Where’s the Children?

Who are Samuel’s parents?….As discussed in a previous post, it’s hard to positively determine Samuel’s parents, at least from the records I’ve come across.  If only his mother’s name was listed on his death certificate!  In my research, I like to see concrete evidence-something solid and unmistakable.  I just haven’t found that for Samuel’s parents.  But the records do give us enough information to identify probable parents.

Part of the problem with Samuel is that he is not listed by name in any census records as a child with his parents.  The first positively identifiable census record I find for him is the 1870 census that shows him with his wife, Hetty, and two small children, John and William.

1870 census PA cropped samuel m

Notice the numbers at the far left.  They show that he is the 144th family, but that he is living in the home of the 139th dwelling house surveyed.  This census does not state the relationship of people living in the same household, so we are out of luck on getting that info, but we could make an assumption that Samuel Parmer is related to John Parmer, who owns the land, and his wife Martha.  Considering John and Samuel’s age difference, they might even be father-son, especially since Samuel’s death certificate lists his father’s name as “John Parmer.”  Samuel was 31 years old in the 1870 census.  Where was he in 1860 when he was 21 years old?  Or 1850 when he was 11 years old?

The 1860 census has an entry for John and Martha, but Samuel, who would have been 21 years old, is not listed in the home.  I do find John and Martha’s sons, Daniel and Emanuel, and their daughter Barbara.  But John, age 17, Ann, age 15, and Abraham, age 13, are not listed in the home either.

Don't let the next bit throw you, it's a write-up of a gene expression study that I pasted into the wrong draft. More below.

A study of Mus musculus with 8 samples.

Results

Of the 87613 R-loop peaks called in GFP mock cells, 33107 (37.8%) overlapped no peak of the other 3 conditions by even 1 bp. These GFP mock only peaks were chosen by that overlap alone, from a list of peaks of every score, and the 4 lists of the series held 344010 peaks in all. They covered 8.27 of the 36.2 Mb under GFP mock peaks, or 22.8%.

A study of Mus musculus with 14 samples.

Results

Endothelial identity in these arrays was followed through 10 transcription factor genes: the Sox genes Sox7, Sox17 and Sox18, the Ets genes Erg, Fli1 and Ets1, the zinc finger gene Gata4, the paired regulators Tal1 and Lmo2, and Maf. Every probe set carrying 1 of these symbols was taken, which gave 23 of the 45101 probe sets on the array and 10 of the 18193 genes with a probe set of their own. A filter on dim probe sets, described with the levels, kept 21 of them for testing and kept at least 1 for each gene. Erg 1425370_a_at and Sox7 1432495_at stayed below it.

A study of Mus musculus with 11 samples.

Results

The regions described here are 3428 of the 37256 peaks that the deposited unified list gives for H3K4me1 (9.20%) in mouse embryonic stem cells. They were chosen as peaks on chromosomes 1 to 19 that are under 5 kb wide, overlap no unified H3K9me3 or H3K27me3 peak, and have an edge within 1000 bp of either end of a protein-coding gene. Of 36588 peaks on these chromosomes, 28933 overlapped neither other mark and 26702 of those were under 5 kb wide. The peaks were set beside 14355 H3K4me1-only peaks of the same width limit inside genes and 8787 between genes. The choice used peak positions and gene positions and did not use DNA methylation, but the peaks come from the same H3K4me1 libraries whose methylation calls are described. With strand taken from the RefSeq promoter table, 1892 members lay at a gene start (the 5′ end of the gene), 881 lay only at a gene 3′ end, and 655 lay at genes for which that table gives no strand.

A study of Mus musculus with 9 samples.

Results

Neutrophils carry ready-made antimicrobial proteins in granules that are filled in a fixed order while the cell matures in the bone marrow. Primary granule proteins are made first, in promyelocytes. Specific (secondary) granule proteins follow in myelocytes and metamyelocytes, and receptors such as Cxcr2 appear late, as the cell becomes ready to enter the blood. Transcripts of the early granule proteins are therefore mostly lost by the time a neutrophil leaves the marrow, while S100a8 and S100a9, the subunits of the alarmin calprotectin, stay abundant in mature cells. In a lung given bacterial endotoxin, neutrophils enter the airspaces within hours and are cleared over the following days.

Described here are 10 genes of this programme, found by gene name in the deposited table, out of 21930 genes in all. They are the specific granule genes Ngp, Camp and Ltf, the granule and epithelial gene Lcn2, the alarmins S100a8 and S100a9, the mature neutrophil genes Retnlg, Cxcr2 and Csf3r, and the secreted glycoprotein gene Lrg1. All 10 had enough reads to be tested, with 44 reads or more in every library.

A similar situation is found in the 1850 census entry.  The children listed are John, age 7, Ann, age 5, Abraham, age 3, and Emanuel, age 1.  Daniel, who was 9 years old is missing, as well as Samuel, who would have been about 11 years old.  Daniel and Samuel were likely hired out, at least in the summer when the census was conducted.

I might have found Daniel in the 1850 census.  There is a Daniel Parmer, age 9, living with a couple who has Daniel and two girls living with them on their farm.  I’ve searched the 1850 census many times for Samuel Parmer, but he just doesn’t show up anywhere.  Until this week.

Instead of searching for Samuel Parmer, which usually brings up some name variations, I decided to search for misspellings.  I tried “Palmer”, “Palmel”, and finally, Parmen.  That was worth it!  I found a possible match, shown below.  The indexers decided the name is Samul Parman, and it is just different enough that it wasn’t coming up in my previous searches.

1850 census Samuel M Parmer cropped

Could this be Samuel Parmer?  To me, the last letter of his name as shown does not look like the other n’s of the census taker.   In fact, the last letter looks a lot like the r’s in “Farmer”.  But why is Samuel living in East Hempfield Township, 10 miles away from his family?  And who are John B. and Ann Landis?

According to the “Biographical Annals of Lancaster County Pennsylvania“, published in 1903, John B. Landis was from East Lampeter  Township, which is where John and Martha Parmer lived. The two Johns were close in age.  And John Landis’ relatives lived close by John Parmer in the 1850 census.  Considering all this, I am pretty confident that I’ve found our Samuel Parmer in 1850.

So, were are the children?  They are working.  At 9 and 11 years old, they are hired out and living with someone else.  But we found them!

Another tidbit:  The rest of John and Martha’s sons, who have death certificates to identify them as children of John and Martha, have “M” for their middle initial.  The “M” stands for “Meyers,” Martha’s maiden name.  With Samuel’s middle initial also being “M”, he fits right into the family.

Although I have not seen concrete evidence to attribute John and Martha as the parents of Samuel Parmer, I am willing to make that connection for now.  However, John and Martha have more than one generation of forefathers who were born in Pennsylvania.  I can’t help but think about the couple of census records that state Samuel’s father was born in Germany.  Was he really?  Or was that an error based on the fact that he spoke German?

Someday a record will show up that can answer that.  Do you have a record to share?